The digital media world is arguably coming out of a period in which many publishers focused nearly exclusively on growing their audience as large as possible.
Now, with the shine is off that notion, more are preaching the gospel of building the right audience with deep ties. Condé Nast International’s chief digital officer, Wolfgang Blau, is a believer in this line of thinking, noting that Vogue does not have to be gigantic to be very influential. For too long, too many were “drunk on reach” and forgot to focus instead on deeply understanding their readers.
“You can’t win a race for reach,” Blau said at the Digiday Publishing Summit in Nice, France, today. “Yes, you have to build an audience. We have an audience across the portfolio of roughly 200 million uniques. We want to grow the audience, but we don’t have to be the largest audience in our segment. We need to be big enough to deliver value to our clients and to be in the conversation, but I’m much more interested in a narrative in which Vogue, in every market we’re in, has the most passionate community of fashion lovers and fashion professionals.”
Below are some highlights from Blau’s interview:
Condé Nast wants each international edition of Vogue to be different
For Vogue, each of its 21 editions around the world has its own identity that can help Condé Nast identify opportunities across markets. Condé Nast International, which runs all Condé Nast operations outside the U.S., see it as critical to allow a degree of autonomy to each market.
“The same brand can mean very different things in different markets,” he said. “Vogue Australia includes interior design and food, whereas Vogue UK has a much stronger focus on fashion.”
One unified editorial team is often the wrong answer
When print publishers first encountered the Internet, they tended to separate out web operations from their core print teams. That led to something of a neglected-child situation. Ultimately, most newsrooms integrated operations of print and digital, with the commonsense belief that there shouldn’t be a divide. But Blau, who came to Condé from The Guardian, believes the time might be right to divide the teams again, while making sure they’re connected.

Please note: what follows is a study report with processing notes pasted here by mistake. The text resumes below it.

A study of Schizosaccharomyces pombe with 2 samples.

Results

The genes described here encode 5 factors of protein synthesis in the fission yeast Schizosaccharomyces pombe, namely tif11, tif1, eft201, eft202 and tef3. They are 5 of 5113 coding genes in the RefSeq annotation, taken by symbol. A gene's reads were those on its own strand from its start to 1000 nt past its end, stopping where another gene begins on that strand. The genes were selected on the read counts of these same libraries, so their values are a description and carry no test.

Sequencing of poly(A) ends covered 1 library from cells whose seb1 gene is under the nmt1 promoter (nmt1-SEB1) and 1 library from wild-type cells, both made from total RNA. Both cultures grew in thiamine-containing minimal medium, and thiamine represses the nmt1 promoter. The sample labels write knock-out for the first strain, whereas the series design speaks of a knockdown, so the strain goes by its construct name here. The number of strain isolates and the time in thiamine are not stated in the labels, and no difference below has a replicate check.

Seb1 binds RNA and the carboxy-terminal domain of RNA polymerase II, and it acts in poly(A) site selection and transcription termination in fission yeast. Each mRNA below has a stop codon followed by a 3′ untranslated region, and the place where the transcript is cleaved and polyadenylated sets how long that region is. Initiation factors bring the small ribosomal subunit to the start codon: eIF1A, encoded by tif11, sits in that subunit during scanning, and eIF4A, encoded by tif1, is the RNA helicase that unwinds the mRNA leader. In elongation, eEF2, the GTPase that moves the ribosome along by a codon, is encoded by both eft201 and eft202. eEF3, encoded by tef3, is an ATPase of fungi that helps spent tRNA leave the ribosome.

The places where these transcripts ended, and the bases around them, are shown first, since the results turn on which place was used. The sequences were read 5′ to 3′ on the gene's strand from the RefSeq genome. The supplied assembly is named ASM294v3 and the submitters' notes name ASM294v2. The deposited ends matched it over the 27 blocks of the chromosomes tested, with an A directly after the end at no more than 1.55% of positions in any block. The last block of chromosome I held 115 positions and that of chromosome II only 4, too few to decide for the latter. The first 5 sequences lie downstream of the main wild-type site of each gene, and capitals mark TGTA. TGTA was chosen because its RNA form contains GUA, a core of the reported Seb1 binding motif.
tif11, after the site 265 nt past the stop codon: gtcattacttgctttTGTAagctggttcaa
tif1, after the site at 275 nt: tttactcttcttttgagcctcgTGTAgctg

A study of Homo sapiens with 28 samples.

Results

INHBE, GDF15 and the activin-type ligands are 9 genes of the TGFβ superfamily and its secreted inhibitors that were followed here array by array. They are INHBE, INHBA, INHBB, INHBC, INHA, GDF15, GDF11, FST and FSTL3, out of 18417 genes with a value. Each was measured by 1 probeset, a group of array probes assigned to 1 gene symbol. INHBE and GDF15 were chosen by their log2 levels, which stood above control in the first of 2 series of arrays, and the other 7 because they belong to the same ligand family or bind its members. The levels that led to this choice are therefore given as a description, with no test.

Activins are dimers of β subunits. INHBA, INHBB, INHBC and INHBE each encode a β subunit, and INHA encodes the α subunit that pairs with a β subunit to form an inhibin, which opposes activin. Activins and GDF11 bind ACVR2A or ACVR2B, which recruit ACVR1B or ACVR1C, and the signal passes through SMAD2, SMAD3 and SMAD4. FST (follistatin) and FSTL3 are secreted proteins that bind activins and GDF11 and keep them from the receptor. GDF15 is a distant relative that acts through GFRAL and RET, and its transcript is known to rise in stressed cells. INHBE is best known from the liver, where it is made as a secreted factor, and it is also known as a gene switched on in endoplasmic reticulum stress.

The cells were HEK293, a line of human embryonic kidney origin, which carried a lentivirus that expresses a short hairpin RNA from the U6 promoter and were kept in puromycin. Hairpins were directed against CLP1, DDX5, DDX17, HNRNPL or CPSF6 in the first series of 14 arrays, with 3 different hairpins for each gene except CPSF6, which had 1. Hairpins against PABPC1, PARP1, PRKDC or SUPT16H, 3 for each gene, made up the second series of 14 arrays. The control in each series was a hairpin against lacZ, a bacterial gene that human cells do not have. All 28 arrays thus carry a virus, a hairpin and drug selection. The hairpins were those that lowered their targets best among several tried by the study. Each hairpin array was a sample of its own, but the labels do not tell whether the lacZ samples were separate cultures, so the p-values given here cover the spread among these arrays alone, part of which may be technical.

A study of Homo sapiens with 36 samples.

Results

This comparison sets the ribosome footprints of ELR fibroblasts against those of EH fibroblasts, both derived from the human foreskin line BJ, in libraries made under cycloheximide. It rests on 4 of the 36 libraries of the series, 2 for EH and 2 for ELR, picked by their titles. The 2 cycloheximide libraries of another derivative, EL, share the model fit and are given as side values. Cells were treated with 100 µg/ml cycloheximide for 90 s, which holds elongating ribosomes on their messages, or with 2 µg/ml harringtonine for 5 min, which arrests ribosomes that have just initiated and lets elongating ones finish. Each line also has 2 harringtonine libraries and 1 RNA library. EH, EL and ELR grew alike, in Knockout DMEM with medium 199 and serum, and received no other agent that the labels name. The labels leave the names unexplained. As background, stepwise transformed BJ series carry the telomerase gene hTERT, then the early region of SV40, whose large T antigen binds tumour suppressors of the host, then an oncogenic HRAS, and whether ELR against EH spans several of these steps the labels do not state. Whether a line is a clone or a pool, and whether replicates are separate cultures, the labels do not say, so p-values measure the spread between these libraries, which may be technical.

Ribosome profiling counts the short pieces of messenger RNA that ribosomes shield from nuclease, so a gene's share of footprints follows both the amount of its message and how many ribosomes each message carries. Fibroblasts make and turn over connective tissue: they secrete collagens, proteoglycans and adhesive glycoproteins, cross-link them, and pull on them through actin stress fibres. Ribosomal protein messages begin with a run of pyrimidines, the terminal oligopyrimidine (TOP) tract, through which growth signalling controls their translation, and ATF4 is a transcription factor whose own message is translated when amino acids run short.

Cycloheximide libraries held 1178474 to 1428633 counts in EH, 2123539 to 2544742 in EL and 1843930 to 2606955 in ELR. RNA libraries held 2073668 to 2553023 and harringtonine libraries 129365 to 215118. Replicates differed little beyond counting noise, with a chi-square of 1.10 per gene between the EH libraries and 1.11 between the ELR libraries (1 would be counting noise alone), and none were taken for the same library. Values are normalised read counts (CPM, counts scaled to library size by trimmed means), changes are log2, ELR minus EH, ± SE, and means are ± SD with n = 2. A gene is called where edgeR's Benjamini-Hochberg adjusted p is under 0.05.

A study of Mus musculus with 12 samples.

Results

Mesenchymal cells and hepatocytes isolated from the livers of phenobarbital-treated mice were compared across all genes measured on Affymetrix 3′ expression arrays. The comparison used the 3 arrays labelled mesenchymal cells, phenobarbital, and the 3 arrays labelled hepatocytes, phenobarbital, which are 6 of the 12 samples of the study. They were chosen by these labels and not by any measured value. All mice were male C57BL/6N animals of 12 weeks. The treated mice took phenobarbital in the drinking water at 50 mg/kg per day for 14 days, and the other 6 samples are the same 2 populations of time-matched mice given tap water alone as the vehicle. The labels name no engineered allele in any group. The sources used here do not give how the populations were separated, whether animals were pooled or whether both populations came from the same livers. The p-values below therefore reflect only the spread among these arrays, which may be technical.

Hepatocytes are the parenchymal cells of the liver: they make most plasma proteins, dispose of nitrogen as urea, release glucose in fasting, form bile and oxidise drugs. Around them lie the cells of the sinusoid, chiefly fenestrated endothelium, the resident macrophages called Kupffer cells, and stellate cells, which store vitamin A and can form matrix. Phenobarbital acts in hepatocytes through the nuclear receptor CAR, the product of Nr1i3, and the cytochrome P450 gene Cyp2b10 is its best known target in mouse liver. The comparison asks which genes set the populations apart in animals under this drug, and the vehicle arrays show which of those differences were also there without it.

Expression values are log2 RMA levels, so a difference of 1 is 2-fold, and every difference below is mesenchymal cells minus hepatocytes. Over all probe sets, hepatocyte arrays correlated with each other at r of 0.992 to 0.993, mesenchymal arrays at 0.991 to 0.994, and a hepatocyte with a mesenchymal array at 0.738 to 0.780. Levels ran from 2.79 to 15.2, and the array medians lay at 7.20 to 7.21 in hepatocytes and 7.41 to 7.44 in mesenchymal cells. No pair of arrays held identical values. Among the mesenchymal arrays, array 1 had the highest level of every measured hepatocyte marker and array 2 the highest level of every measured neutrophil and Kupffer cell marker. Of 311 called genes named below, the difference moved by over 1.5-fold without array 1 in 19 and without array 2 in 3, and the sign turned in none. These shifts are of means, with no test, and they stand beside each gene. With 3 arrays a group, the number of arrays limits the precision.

“The idea of one team that does everything in hindsight was the right structure at a time when traditional publishers had no digital-only competitors,” he said. “You’ve seen the quality of copy goes up, the expertise goes up, but inevitably the speed of response, the velocity of content goes down. Eventually the volume of content goes down, and what you’ve seen at many newspapers, the age of the digital audience goes up.”
Data culture can thrive at Vogue
“The Devil Wears Prada” view of Vogue makes it an unlikely place for a data-driven mindset to take hold. One trick to integrating an understanding and appreciation of analytics into editorial cultures is to change the language. “Data-driven” is out and “data-informed” is in. Then it becomes a matter of showing journalists how data can make them better at telling stories.
“Once the journalists have victories they wouldn’t have had, you gain traction,” he said. “You also have former editors and editorial-passionate people in your data teams as well.”
One-third of Vogue China’s edit team is creating exclusively on WeChat content.
Blau believes that too many European executives look to Silicon Valley for clues to the future. While the Valley is undeniably important, China is just as important, and evolving differently. There are “two internets,” he said: one American, another Chinese. Vogue China, for instance, has 21 digital editors — seven of whom are focused on creating content for WeChat. And Condé Nast is able to make as much off WeChat users as it would if they were on Vogue China’s mobile site.
“There are these experiments we’re running in different parts of the world,” he said.
This article was corrected to make clear that Condé Nast makes as much from Vogue China WeChat users as it does if users are on Vogue China’s mobile website.